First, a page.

When I was a much younger man, I used to round every check and withdrawal I made up, and every deposit down. The effect this had was apparent when I closed my accounts to move to sunny California. I had socked away more than a thousand dollars of bits of decimal point discrepancies. I was, initially, fooling myself. I knew how much money each check really was, and I knew that I was quietly generating a cushion for some imagined hard time when I would need all those nickels and dimes and pennies. That reality was replaced by a joint checking account that I have shared for twenty years with my wife, who does a very careful balance of our collective checkbook each month.
I had to give up that hoarding instinct, and I replaced it with another. Before I had a checking account, I had time. I set my clocks four minutes ahead of the actual time. This meant that, due to the sketchy nature of some of the timepieces in my apartment, there were four or five distinct time zones in that one bedroom dwelling. The idea behind this was to save myself time. When looking at any of those clocks, I would start to do the calculation for what the time was in the real world. The possible permutations quickly became a distraction, and so I would leave at anything that looked close to departure time. I was early for everything. You could call me a lot of things: OCD, compulsive, a worrier. But you could never call me "tardy."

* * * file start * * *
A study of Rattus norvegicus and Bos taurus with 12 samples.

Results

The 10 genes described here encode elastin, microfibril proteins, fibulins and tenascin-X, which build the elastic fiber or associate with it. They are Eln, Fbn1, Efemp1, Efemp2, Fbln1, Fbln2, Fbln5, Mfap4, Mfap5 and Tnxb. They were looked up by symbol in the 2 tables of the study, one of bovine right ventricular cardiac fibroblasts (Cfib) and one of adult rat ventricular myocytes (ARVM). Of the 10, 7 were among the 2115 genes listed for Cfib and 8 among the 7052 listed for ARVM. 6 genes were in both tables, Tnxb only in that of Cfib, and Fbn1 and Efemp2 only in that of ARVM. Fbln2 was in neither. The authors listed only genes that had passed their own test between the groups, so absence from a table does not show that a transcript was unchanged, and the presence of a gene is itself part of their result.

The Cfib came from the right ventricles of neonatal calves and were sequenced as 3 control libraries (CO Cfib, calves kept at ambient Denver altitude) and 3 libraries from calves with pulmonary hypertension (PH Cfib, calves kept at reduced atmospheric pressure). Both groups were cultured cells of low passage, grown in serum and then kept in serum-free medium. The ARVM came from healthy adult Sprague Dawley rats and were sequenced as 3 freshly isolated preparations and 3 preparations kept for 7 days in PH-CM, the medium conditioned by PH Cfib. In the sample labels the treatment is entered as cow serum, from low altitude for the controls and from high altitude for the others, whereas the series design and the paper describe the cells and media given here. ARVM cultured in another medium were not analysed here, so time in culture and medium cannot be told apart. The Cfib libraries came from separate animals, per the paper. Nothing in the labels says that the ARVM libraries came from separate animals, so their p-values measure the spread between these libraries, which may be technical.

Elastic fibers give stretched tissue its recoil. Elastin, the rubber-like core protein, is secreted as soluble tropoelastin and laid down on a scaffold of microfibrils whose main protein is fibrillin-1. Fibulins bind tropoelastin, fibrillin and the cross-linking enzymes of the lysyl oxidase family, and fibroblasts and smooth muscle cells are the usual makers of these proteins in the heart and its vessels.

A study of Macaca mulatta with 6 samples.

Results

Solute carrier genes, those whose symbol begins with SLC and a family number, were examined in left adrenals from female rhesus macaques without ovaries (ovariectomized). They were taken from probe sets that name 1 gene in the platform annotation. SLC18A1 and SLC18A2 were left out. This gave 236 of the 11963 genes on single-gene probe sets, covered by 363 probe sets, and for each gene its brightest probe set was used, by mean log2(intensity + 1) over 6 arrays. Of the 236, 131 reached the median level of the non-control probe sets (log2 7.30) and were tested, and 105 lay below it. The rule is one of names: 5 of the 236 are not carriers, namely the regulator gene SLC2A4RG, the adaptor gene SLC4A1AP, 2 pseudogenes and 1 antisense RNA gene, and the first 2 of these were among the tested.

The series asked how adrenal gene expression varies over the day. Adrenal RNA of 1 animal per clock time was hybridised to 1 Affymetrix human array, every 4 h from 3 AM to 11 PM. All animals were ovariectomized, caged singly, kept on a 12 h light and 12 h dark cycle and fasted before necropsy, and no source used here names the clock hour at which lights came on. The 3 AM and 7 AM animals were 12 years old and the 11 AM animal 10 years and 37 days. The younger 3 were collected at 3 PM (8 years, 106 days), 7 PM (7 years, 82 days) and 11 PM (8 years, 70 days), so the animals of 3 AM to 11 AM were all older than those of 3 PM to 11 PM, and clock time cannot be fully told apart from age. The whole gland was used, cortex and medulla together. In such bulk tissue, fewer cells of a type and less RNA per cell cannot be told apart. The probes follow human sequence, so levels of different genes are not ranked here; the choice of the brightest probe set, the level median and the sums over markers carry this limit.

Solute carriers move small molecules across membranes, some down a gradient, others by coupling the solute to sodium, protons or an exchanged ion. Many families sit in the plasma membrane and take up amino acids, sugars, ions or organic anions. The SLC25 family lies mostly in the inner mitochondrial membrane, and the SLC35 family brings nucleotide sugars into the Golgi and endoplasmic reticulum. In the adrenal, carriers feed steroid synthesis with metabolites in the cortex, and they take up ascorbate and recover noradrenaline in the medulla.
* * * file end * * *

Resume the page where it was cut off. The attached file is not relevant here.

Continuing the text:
After I settled down and owned a house of my own, having ceded the checkbook responsibility to my wife, I put myself in charge of the clocks. I wind them. I pull down the weights of the cuckoo clock. I reset the various digital timers after power outages. I confess that I am still somewhat mystified by the chronometer on our thermostat, but I'm working on that. Eventually, I want to command all the time in our house.
That's because I hope to have a similar experience when it comes time to settle my accounts in this world. When the Grim Reaper shows up, I want to be able to look through all those specifics and tell him I've got at least another ten years. Come back later.